Howard bank to be sold to Pa. institution

Columbia Bancorp deal is worth $313 million

Fulton Financial is purchaser

Few jobs to be lost if sale is OK'd, executives say

July 28, 2005|By Laura Smitherman | Laura Smitherman,SUN STAFF

Columbia Bancorp, whose emergence mirrored the growing wealth of Howard County, the place where it began two decades ago, has agreed to be sold to Fulton Financial Corp. of southern Pennsylvania for about $313 million in cash and stock.

The sale, announced yesterday by the banks, means that Columbia Bank would no longer be largely locally owned by executives and directors who control about one-fourth of the stock. But Columbia founder John M. Bond Jr. would remain chairman and chief executive of the bank, which would become a Fulton subsidiary. He said he would have free reign to handle day-to-day operations.

"It's still the Columbia Bank," the 61-year-old executive said yesterday. "It's still the same people serving customers, and we're going to stay right there in the communities we're in. Our signage will be the same. Our letterhead will be the same."

Bond and Rufus A. Fulton Jr., chairman and chief executive officer of Fulton Financial, based in Lancaster, Pa., said they anticipate few job losses among Columbia Bank's 375 employees. Fulton said his company expects to shave up to 10 percent from expenses over the next two years by eliminating redundant operations, though he said that doesn't necessarily mean jobs will be cut.

"We don't want to let anybody go," Fulton said, "and to the extent a job is eliminated, we're going to try to find a job for them that becomes available through attrition."

The deal allows Columbia Bank to expand the range of services it offers to customers, including the ability to form trusts used mostly by wealthy families, and to increase the amount of money it can lend. Bond said the bank typically makes commercial loans of less than $11 million because of the risk involved, but with Fulton behind the bank that amount could be $16 million or higher.

The acquisition is the largest yet by Fulton Financial, which has 14 banking subsidiaries from northern New Jersey to Virginia Beach, Va. They include two in Maryland - in Cecil County in the north and in Washington County in the west. With Columbia Bank, Fulton will be making a move into the lucrative Baltimore-Washington corridor.

Columbia Bank has the largest market share in Howard County, one of the nation's wealthiest, beating out much larger banks such as Bank of America Corp. The median household income in the county is an estimated $84,200, or $20,000 above the state's median. Columbia Bank also has branches in Baltimore City and in Baltimore, Montgomery and Prince George's counties.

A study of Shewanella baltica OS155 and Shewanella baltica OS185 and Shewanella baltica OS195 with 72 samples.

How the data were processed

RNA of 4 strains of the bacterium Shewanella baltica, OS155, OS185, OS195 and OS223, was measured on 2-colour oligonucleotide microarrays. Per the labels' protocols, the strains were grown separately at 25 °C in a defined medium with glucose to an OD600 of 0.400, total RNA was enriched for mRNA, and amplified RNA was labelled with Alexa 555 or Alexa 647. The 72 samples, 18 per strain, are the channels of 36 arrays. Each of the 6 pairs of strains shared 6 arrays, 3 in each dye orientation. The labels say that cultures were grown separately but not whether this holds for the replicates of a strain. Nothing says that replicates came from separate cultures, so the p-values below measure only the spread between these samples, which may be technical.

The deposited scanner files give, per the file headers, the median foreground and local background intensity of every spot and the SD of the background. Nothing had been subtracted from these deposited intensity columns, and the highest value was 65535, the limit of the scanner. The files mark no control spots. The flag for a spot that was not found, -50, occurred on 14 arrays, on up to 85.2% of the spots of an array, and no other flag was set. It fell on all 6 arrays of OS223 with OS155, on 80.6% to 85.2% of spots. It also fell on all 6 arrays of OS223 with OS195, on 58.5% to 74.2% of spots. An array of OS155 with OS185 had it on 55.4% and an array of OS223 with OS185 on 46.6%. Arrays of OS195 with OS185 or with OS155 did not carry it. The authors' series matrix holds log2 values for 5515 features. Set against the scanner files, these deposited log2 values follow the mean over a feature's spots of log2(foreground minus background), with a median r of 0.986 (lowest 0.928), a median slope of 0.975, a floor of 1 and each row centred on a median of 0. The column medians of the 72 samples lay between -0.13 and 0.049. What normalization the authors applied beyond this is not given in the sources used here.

"That whole area is an attractive market, and it's growing," said Meganne Warner, a banking analyst with SNL Financial, a financial services data provider. "Those counties are rich as it is and only getting richer."

15 percent premium

In the deal with Fulton, Columbia Bancorp shareholders will receive 2.325 shares of Fulton stock or $42.48 in cash for each share they own. That's a premium of about 15 percent on Tuesday's closing price.

Columbia Bancorp shares gained $4.45, or nearly 12 percent, yesterday to close at $41.70 on the Nasdaq stock market.

The acquisition must be approved by the Federal Reserve, the Maryland Commissioner of Financial Regulation and by Columbia shareholders. It's expected to close in early 2006.

Bond and other executives will be able to cash in on their stock as well as stock options. The deal triggers a clause in employment agreements that means all of their options will fully vest, meaning they become available to exercise. Bond had $1.8 million in stock options at the end of last year, and about 85 percent couldn't be exercised, according to the company's latest proxy statement.

Bond started the bank with seed money from friends and backers, including the late James W. Rouse, who planned and developed Columbia. Bond had worked at Citibank and moved back to Baltimore, where he was born, to work with First National Bank of Maryland and then Chase Bank.

Bond conceived the idea of starting a bank, he recalled yesterday, over a tennis game with Christopher Kurz, a local real estate developer. Columbia opened for business in May 1988 - when Howard County's population was about 180,000 and household income averaged about $54,000 - and built a niche of lending to small contractors and developers.

With Howard County surpassing 260,000 residents in recent years, the bank's loan portfolio has grown through commercial loans as well as residential loans and reached $616 million at the end of last month. Columbia reported yesterday that its second-quarter profit grew nearly 50 percent to $3.4 million, or 38 cents a share, from $2.3 million, or 26 cents a share, in the quarter last year. Its deposits increased 22 percent over the past year to $669 million.

Bond has called Columbia's community banking model "old-fashioned" and has said that he doesn't like to drive farther than an hour for work. He said that he still answers his phone and that the bank's ties to the area draw customers.

Local ties

"We may have children who play soccer together, or we go to the same church," he said.

Bond said he met Fulton two years ago, and the two have had "a growing friendship." With Fulton, he said, he realized that he would be able to expand while keeping the bank's local character.

"The Columbia area really does have a sense of self and identity, and it provided a great platform into the Baltimore-Washington corridor," he said. "If I had been in a terrible market, my friendship with Rufus wouldn't have been enough to get a deal done."